Bus 62



I arrived in Toledo on Wednesday afternoon.  The guidebook mentioned that there was a viewpoint outside the city, on the other side of the river.  I walked to the town square and found a bus stop.  I asked several people which bus would take me to the viewpoint.  I pointed to the guidebook.

There was a little discussion; people asked other people.  A middle-aged man and woman with blond hair confirmed that the 62 or even 61 would work for me.  When the 62 arrived, we all lined up.  I asked the woman how much it cost.  She told me 1.40.

The bus driver was a woman in her 50s.  This was the beginning of the route; I had seen her driving past the other way just a little while before.   I sat in the front seat, catty-corner behind her.  I want to be able to see where we were heading so that I don’t miss my stop.

The bus wound around town, downhill, and then along the main road.  We neared the train station and the blonde woman tapped me on the shoulder and told me that this was the station.  I thanked her and said I was okay.  I heard the man say “Is she sure?  This is the station.”  In retrospect, I realize that they thought I intended to walk to the viewpoint and I thought that the bus was going to take us there.

The bus continued going past the station out of the downtown area.  I kept waiting for us to turn right so that we would begin angling toward the viewpoint, but we never did.

And then we merged onto the interstate.  The Spanish may have a different word for their transportation network, but this was definitely a 4-lane highway, and I knew the 62 was no longer working for me.  We stayed on it for a couple miles and then exited.

The area we began driving through may have been in the process of some widespread expansion.  There were a lot of buildings on one side of the street and comparatively little on the other.  It was definitely a local route; we seemed to stop every 500 feet.  Every time the bus squealed to a stop, my heart hurt because I knew that we were getting farther away.  We were no longer in Toledo. We were now at least two towns over.

People got on, people debarked.  Finally, we stopped in a little bus terminus.  It was not a station, more like a wide parking lot.

The driver turned off the engine.  The bus was now completely empty except for me, and I was making no movement to exit the bus.  I was looking forward, trying to ignore the fact that the bus was no longer in motion and I was the only passenger on it.  It was a bright afternoon, partly cloudy.  We were facing west.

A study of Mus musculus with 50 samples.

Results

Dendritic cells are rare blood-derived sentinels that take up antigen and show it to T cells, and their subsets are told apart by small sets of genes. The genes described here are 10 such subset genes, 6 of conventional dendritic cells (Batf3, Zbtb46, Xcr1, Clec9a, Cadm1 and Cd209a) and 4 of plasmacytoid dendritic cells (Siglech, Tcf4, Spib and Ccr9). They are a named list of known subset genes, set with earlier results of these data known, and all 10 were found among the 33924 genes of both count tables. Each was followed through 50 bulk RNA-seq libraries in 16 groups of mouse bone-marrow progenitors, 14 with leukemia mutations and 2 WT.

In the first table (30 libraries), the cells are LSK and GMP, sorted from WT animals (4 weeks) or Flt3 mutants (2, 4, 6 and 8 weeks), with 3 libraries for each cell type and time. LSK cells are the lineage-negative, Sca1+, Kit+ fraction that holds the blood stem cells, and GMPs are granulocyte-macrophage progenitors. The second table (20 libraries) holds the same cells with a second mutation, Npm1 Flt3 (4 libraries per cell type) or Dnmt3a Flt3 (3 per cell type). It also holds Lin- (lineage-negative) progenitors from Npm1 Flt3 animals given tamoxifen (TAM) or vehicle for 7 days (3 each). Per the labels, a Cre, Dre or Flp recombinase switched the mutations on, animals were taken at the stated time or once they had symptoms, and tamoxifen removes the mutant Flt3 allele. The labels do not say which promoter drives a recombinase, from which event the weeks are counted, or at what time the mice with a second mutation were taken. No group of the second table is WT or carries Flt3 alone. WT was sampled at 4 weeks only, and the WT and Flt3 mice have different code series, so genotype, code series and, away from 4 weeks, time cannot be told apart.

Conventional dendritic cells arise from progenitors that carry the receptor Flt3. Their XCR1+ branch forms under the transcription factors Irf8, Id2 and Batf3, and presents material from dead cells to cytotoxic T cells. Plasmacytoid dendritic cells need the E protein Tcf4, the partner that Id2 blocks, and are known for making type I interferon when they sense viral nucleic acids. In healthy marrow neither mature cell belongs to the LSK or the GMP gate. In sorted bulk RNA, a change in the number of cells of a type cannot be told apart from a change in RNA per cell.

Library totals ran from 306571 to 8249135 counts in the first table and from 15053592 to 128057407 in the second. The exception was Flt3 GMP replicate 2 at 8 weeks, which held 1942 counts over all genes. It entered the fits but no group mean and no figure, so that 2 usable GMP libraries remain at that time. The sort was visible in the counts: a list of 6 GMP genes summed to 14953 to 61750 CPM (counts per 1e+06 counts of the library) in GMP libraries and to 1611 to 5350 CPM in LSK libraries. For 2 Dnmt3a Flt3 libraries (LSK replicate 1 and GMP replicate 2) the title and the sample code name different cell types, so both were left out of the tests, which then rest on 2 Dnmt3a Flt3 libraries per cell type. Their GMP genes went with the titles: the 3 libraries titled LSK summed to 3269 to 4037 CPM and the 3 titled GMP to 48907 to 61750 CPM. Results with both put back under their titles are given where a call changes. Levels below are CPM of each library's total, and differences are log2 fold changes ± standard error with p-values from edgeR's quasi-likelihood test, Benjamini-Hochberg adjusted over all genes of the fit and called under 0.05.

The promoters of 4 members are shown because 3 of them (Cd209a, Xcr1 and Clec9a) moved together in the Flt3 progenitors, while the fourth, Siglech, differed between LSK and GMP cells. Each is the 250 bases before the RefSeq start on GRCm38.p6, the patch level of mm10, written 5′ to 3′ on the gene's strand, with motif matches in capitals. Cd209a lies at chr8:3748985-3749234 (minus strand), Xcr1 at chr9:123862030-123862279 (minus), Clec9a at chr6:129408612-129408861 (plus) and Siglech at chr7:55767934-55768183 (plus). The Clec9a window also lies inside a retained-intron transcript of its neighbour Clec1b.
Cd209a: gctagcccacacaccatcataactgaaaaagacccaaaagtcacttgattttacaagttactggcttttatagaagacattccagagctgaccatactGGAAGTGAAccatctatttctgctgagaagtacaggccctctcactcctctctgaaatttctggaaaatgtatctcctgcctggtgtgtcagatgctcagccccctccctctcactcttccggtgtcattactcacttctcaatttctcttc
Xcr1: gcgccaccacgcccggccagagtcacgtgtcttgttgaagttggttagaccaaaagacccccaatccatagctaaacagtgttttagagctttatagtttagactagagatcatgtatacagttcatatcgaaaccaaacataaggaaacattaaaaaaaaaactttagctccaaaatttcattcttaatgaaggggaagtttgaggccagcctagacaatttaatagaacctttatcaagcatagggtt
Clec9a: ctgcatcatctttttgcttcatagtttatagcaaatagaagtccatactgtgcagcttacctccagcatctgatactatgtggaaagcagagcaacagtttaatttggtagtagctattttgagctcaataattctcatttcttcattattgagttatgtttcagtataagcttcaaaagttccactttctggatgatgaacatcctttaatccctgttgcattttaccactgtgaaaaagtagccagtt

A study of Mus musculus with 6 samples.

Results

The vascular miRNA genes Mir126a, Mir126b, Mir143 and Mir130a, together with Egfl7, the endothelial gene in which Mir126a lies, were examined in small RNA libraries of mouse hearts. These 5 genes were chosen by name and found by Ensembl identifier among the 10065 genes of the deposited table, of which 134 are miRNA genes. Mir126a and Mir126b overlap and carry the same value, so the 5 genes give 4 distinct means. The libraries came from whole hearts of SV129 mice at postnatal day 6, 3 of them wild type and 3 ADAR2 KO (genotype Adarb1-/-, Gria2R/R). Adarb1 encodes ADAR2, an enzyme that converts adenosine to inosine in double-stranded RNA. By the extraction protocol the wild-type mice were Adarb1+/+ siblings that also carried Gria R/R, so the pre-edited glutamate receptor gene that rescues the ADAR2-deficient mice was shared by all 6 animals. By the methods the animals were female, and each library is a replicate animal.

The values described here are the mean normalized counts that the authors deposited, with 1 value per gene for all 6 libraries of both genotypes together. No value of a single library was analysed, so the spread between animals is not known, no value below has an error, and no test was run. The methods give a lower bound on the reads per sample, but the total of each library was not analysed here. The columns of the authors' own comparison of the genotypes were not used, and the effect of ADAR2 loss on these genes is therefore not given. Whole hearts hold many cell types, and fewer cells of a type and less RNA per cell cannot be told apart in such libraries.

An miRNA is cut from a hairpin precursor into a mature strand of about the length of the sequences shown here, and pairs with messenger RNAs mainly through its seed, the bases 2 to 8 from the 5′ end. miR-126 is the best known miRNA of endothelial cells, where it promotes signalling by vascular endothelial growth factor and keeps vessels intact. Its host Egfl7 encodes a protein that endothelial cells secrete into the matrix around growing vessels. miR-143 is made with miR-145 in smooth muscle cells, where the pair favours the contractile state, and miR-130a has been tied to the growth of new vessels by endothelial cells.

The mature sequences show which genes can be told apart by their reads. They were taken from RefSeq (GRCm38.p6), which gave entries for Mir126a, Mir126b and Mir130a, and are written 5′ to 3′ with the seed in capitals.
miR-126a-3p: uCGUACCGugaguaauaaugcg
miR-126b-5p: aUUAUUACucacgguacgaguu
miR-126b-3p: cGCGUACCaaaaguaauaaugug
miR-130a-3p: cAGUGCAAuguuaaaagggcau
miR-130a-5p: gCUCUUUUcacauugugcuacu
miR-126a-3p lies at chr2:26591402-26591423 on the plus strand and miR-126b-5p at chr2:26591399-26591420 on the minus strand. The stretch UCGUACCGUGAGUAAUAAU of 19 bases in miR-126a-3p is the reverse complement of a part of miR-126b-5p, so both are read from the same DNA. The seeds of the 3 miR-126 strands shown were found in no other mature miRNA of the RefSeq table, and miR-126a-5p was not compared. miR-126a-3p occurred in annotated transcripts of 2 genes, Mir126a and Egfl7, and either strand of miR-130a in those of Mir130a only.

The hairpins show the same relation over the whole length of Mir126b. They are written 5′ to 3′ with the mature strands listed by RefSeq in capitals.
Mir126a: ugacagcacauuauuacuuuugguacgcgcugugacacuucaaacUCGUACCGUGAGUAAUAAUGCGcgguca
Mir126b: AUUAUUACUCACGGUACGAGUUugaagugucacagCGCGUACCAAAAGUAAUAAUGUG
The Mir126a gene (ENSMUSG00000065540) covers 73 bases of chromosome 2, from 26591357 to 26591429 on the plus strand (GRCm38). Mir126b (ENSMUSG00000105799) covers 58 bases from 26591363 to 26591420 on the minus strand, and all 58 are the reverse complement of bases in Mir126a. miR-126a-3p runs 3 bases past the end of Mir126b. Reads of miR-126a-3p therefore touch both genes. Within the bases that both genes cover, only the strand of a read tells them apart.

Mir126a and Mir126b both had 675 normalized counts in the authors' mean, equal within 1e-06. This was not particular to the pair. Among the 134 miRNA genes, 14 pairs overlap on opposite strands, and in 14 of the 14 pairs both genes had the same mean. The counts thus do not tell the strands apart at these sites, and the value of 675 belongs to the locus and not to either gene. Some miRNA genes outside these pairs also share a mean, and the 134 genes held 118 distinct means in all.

She turned around and looked at me.  Her head seemed to move in slow motion as it swiveled.  There was a moment of silence as she stared at me, like the showdown in a cowboy movie.  Then we started talking, by which I mean she started speaking in Spanish rapidly.

She spoke so quickly that I couldn’t follow what she was saying and simply replied in English, based on what I thought she was saying based on her tone, body language, and context clues:

“Okay, here we are, end of the line.  You getting off the bus or what?”

“Yeah, sorry, no.  I got on the wrong bus.”

“Did you not hear those people who got on with you who told you where the train station was?”

“They were so sweet.  I thought the bus was going to turn for the viewpoint and it never did.  Here, let me show you a picture of where I want to be in my guidebook.”  I reach back in my backpack and show her the guidebook and point to the viewpoint.

She peers down briefly.  “Yeah, you’re fucked.  We’re nowhere near that.  Did you not see that we got on the goddamn highway?”

“Yeah, I saw the highway, but it was too late to get off at that point.”

She looks out the windshield as she continues talking.  Her eyes are screened by the visor but her mouth is in the sunlight and continuing to talk in rapidly-delivered Spanish.

At this point I glance down and see that she is holding a cigarette.  I am almost certain that she says some things to herself about how she is not going to get a smoke break because she can’t get out of the bus because I’m still on it.

She continues talking.  At some point, she moves her hand over the cash till.  I immediately reach in my pocket for change for another ride.  I am desperate.  I cannot get off this bus.

“Do you want me to pay again for the ride home?”

She shakes her head.  “No, you moron, just sit back down.”

Relief floods through me as we start back, through the apocalyptic suburb, over the interstate, and back into town.  When we get to the train station, she turns her entire body around and gestures to me that this is the stop.  I think she wants visual confirmation that I am actually getting off the bus.  I thank her profusely as I walk to the back exit and step off into Toledo.